For the last few years, Jon Roegele (among others) has been doing excellent work showing that the strike zone was getting larger with every passing season. Specifically, pitchers and catchers had started getting calls on pitches below the knees that they hadn’t gotten previously, and the rise of the called low strike led a pervasive myth that hitters had`gotten too passive, putting the onus on the batters for the decrease in run scoring, when the reality is that batters were being called out on pitches they couldn’t do anything with anyway.
With strikeout rates again at an all-time high, MLB has apparently decided to take some action after a few years of studying the issue. According to a Jayson Stark report from last weekend, the competition committee approved a tentative plan to “effectively raise the lower part of the strike zone to the top of the hitter’s knees”, beginning as early as next year, assuming the rules committee also approves the plan, and the issue will apparently be raised with the players during CBA negotiations, so they may have a voice in the changes as well.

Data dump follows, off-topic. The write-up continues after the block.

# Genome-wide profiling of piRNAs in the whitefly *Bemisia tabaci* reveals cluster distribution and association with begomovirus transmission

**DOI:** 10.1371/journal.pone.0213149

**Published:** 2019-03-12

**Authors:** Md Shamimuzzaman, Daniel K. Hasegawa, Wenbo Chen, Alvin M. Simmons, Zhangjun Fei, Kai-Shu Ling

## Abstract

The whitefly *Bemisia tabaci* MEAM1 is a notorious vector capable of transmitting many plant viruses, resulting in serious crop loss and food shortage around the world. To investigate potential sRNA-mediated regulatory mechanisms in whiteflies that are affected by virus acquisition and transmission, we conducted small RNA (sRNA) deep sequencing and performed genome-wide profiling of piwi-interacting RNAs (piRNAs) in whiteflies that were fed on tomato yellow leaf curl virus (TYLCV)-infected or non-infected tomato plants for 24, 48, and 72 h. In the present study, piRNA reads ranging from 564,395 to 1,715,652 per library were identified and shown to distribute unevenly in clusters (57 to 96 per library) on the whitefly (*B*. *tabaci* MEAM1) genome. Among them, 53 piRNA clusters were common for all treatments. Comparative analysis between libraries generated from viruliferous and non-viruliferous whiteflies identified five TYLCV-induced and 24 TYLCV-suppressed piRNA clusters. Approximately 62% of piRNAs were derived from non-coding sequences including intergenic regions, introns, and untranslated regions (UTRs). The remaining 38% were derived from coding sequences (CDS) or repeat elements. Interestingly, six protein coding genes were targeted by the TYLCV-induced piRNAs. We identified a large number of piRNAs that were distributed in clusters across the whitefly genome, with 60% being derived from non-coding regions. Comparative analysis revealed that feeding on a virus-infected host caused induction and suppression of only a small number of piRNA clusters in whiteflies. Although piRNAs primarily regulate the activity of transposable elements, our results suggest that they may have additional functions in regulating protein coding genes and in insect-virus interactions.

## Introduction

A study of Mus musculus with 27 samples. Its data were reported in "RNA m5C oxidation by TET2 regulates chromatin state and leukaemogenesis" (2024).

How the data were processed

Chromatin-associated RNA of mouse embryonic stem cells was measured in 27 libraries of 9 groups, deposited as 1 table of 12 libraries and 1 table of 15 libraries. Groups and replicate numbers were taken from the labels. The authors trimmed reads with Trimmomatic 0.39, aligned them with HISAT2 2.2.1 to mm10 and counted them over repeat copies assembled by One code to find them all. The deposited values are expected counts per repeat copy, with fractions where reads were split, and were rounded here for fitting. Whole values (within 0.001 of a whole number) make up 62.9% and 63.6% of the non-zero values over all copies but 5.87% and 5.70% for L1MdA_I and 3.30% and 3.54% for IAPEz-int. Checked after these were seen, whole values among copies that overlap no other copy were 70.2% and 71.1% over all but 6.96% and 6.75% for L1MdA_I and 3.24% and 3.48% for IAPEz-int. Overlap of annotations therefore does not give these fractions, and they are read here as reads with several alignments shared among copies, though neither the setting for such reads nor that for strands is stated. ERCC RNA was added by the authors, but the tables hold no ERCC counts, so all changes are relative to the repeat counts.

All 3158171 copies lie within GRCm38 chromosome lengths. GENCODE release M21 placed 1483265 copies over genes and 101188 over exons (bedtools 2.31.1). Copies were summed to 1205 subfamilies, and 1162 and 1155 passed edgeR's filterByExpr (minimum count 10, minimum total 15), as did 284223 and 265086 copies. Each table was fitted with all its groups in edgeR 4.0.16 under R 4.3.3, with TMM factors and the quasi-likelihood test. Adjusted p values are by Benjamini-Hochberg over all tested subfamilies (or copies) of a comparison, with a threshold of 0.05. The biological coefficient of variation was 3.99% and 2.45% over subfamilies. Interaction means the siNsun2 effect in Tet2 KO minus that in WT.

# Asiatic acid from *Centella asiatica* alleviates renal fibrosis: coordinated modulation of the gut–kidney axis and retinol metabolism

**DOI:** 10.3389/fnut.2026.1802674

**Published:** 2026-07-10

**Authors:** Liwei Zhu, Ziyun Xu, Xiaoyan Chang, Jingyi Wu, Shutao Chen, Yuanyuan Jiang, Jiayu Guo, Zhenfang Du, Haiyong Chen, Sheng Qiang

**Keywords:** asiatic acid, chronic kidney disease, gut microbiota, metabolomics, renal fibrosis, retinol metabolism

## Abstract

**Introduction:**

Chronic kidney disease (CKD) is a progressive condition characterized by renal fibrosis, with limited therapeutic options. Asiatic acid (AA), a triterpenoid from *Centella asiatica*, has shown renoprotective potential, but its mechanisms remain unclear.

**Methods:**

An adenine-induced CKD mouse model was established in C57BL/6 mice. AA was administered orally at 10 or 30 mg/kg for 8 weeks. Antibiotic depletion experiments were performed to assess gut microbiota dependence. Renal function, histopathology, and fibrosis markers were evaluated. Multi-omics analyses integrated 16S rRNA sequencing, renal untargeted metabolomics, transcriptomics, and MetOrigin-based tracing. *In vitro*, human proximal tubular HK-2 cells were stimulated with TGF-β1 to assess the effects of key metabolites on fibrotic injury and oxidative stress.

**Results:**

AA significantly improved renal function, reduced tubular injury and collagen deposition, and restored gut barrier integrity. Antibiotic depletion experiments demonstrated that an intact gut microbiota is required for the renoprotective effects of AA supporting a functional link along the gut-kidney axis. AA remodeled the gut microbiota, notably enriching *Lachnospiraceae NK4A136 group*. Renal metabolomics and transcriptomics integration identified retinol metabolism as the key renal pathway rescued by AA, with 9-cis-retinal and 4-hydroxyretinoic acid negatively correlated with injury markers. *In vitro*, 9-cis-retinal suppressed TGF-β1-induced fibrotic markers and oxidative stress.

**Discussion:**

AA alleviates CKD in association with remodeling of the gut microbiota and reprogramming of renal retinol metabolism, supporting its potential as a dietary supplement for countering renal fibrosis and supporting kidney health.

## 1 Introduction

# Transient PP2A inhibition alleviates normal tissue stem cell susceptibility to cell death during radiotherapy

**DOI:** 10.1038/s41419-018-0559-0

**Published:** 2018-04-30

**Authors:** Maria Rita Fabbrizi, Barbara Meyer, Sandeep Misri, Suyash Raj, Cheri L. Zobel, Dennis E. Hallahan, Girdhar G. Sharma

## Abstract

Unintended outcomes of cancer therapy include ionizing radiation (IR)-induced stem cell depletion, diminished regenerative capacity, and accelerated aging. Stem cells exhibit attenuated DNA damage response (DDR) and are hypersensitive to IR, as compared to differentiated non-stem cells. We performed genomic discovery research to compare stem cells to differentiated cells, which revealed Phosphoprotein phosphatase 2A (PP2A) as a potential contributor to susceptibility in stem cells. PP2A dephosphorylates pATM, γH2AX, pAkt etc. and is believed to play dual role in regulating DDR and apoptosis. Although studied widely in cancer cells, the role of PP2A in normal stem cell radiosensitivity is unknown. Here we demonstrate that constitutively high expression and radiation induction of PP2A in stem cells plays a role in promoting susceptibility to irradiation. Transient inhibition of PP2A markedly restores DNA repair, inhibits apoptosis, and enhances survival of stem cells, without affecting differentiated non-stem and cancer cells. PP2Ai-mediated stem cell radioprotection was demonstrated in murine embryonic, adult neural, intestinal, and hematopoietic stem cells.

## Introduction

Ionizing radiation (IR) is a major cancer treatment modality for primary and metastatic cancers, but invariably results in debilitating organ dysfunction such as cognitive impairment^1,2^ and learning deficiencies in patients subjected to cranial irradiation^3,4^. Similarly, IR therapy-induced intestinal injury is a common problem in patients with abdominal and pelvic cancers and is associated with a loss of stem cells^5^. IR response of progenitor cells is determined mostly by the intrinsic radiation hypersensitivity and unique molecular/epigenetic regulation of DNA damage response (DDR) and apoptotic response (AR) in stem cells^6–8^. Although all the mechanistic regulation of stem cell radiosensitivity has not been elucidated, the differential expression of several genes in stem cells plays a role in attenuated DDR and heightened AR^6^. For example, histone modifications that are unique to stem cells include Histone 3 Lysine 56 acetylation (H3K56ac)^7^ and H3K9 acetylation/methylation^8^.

“It’s a horrible, horrible idea,” he said. “One, I’m a pitcher. And I’m a pitcher who likes to keep the ball low. Two, and mainly, all this talk about making the games shorter — what part of raising the strike zone up is going to do that? … They want more offense. I understand that. But taking 45 seconds off for an intentional walk one out of every three games isn’t going to make up for the added balls in the gap by raising the strike zone, in my opinion.”
At least Wainwright is honest and admits his bias right up front. This is a change that could potentially make his job harder, and like most self-interested individuals, he’s against things that have a negative consequence for him personally. But note that Wainwright doesn’t just stop at saying that he’s against it because he’s a pitcher, but he’s against it because he thinks it’s counterproductive to MLB’s other stated goal, which is to reduce the length of games back under three hours. As Wainwright and others would have you believe, instituting a smaller strike zone will lead to even longer games, and so MLB is barking up the wrong tree.
Except that the evidence suggests that this probably isn’t going to be the case.